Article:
Thursday, January 18, 2007

Waves

gustavo limaPhoto by Roberto Alvarez courtesy of caribwind.com

One of the main reasons for my trip to Cabarete last week was to gain some experience sailing in waves. Almost all of the sailing that I do at my home clubs and at regattas up and down the East coast is on sheltered waters: inland lakes or protected bays or sounds. The author of Split Tacks, ab, wrote a post a few days ago making the point that sailors like us are at a big disadvantage when it comes to competing at major Laser championships which are usually in more open waters.
I suspect that a lot of Laser sailors spend most of their sailing time on relatively flat water. Rivers, lakes, harbors, protected bays and so on. But when the major championships come around, they are nearly always held in open ocean conditions, with waves. In these regattas, most of the sailors are fit. Most of them can tack and gybe well. Most of them understand tactics and strategy. But the sailors who do well are those who can handle the waves, both upwind and down.
Cabarete did not disappoint. The sailing conditions there were ... "interesting" to say the least.

Cabarete is on the Atlantic Ocean shore of the Dominican Republic and there is a reef no more than a half a mile offshore which has a gap in it through which you can usually sail to the open sea. But on the days of the regatta the waves were not only breaking along the line of the reef but also across the gap in the reef too. This made it impossible to sail through the gap, so we had to sail the regatta inside the reef. You can see the line of surf on the reef in the background in the picture above.

Outside of the reef the waves (I was told) were more regular and predictable; inside the reef there were still sizeable waves but, because of reflections off the reef, they were more chaotic. And in certain places on the race course they were breaking too. The average waves were more or less head on when beating on starboard and so from the side on port tack. Then on two days of racing there were big squalls with heavy rain and even stronger winds going through the race area at times.

So I would be racing in crazy winds and trying to cope with these big waves up or downwind when all of a sudden a huge wave with a breaking crest would come from an unexpected direction. I saw boats picked up by these waves and tossed in the air. One guy even told me he pitchpoled. Dealing with the waves upwind and downwind was a real challenge to me. Brett Davis's advice during the clinic was a great help and I am sure that after five days of struggling with the waves I must have improved a little.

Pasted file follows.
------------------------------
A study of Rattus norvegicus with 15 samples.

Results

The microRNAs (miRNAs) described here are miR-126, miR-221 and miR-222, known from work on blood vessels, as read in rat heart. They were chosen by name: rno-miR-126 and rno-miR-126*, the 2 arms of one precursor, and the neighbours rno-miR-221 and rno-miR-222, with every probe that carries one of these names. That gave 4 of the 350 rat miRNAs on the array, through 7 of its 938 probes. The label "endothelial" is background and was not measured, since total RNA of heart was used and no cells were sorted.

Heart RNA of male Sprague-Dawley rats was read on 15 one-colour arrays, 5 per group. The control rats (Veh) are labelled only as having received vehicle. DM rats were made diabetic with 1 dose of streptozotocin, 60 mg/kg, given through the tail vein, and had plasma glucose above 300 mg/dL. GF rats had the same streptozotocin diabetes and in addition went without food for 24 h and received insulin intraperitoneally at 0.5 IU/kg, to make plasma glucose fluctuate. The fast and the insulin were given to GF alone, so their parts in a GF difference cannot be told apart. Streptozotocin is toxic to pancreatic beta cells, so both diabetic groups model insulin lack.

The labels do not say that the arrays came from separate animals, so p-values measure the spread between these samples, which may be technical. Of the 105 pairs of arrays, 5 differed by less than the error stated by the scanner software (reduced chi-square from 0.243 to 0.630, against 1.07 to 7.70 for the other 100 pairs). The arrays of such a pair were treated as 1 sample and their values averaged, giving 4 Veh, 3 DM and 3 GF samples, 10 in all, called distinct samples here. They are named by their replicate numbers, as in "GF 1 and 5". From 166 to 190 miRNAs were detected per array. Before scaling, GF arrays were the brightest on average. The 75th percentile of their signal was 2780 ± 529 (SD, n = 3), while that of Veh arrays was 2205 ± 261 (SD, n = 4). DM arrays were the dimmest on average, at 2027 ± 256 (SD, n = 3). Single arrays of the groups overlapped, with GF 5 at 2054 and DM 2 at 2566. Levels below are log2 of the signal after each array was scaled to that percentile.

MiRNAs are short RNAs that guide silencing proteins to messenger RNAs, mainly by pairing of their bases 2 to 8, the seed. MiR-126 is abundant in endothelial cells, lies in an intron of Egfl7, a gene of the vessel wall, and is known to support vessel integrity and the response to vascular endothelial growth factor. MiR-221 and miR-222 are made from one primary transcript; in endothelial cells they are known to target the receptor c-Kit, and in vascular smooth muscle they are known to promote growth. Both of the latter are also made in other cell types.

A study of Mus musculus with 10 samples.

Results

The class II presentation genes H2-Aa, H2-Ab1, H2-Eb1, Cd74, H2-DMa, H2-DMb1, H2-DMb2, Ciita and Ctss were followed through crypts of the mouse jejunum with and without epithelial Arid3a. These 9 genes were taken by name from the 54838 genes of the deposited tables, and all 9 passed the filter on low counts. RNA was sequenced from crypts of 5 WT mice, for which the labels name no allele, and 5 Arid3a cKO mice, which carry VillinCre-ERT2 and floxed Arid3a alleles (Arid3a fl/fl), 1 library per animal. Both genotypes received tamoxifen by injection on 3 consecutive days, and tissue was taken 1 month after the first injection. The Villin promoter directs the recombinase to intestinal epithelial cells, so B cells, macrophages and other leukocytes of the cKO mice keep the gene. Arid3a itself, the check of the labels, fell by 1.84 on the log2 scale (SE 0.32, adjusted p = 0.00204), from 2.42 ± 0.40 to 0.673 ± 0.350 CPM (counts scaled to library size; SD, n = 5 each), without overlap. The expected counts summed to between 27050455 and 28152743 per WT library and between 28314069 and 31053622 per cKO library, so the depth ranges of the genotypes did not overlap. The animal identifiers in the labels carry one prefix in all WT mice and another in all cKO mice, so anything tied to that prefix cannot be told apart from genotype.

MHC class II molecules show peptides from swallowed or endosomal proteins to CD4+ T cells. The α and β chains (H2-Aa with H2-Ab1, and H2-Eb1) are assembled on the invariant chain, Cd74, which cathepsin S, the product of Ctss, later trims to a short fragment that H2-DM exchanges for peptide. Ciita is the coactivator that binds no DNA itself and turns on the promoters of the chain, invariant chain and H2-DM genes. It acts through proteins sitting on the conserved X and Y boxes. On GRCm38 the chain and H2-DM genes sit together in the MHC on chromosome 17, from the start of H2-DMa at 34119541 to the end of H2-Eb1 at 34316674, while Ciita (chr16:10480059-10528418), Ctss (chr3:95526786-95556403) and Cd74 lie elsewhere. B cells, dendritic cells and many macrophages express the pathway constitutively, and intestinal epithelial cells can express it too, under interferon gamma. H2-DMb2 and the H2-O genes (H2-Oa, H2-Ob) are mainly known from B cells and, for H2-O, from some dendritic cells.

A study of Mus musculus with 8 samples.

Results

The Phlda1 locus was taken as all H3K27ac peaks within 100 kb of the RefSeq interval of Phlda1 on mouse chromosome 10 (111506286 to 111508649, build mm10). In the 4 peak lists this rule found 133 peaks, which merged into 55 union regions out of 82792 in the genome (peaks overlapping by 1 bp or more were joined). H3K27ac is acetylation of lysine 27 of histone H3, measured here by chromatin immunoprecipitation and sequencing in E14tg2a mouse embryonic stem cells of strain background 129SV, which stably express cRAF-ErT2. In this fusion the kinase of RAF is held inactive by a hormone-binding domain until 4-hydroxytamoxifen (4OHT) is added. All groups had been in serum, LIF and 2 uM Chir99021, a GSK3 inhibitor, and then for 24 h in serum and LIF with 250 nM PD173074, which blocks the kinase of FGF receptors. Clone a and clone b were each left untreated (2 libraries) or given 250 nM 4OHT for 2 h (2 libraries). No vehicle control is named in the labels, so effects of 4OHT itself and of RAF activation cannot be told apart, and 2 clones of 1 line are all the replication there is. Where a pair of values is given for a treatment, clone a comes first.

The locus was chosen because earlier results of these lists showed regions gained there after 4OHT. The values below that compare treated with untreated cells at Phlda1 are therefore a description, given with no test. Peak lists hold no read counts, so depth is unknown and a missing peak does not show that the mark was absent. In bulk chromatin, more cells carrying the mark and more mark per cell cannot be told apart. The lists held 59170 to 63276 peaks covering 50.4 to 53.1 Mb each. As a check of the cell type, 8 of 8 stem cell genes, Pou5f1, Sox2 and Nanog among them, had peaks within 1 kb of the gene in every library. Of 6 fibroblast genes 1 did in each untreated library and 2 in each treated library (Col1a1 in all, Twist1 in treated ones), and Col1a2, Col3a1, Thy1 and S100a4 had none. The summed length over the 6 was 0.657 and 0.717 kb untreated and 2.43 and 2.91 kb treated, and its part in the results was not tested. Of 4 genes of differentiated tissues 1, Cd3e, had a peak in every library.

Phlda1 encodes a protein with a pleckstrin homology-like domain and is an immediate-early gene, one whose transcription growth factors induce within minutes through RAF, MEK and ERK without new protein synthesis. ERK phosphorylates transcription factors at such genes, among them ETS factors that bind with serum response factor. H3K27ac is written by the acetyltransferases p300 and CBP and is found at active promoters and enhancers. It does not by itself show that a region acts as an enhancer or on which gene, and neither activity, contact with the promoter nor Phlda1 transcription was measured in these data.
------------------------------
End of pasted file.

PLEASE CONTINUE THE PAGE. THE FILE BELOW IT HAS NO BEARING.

The photo shows 2003 Laser World Champion Gustavo Lima catching a ride downwind on a typical Cabarete wave (if there was such a thing). I'm sure I did the same thing many many times during the week but as far as I know nobody captured it on camera. Hmmm -- I wonder why?

10 comments:

Eliboat said...

What I would do to be on that wave right now...

Tillerman said...

All it takes is a phone call to the Laser Center in Cabarete, a plane ticket (and a few bucks). The wave is there waiting for you.

joe "don't know" rouse said...

Awesome, my surfski would love it!

That's the photo of the day!

Anonymous said...

I LOVE waves, people really don't make the most of them.. I think in pretty much nay conditions on any water if their are waves, and i'm not talking about just the perfect monster in the pic here, i'm talking small little insignificant buggers as well, then USE THEM, waves have energy, use that energy to make YOUR boat go forward faster... boat lengths are there for the taking if only you could tune in to the waves energy...

Anonymous said...

Looks like the marathon training is progressing nicely. I just found out three days ago that I’ve got a spot for the London Marathon which I’m very excited about. Keep up the good work.

Anonymous said...

I have had the idea that, while one can't simulate big ocean waves on a lake, one can simulate chop. Just find a guy with a big powerboat, and in exchange for buying him a tank of gas, have him zoom back and forth in front of and around us when we practice.

Of course, if we get good in chop, we could also have the guy do the same thing during regattas ....

Turinas said...

Now tell me that wasn't fun. Beats the crap out of light air days

Tillerman said...

Of course it was fun. That week ranks as one of the best experiences in a quarter of century of sailing.

robert alvarez said...

Give me your sail number and Ill send you all the photos you're in.

robert@verolites.com

there are more than a thousand NON published photos of the race...

:-)

Anonymous said...

waves are such a fantasic thing, even in the bigger boats. I sail on a 38 footer, and we had a fantastic downhill run during the townsville to port hinchinbrook race, all because we were riding down one wave after another. As the sun was setting the waves were getting bigger and bigger, and our skipper was getting wet ankles from the waves breaking over the stern of the boat. Now thats taking advantage of your surroundings!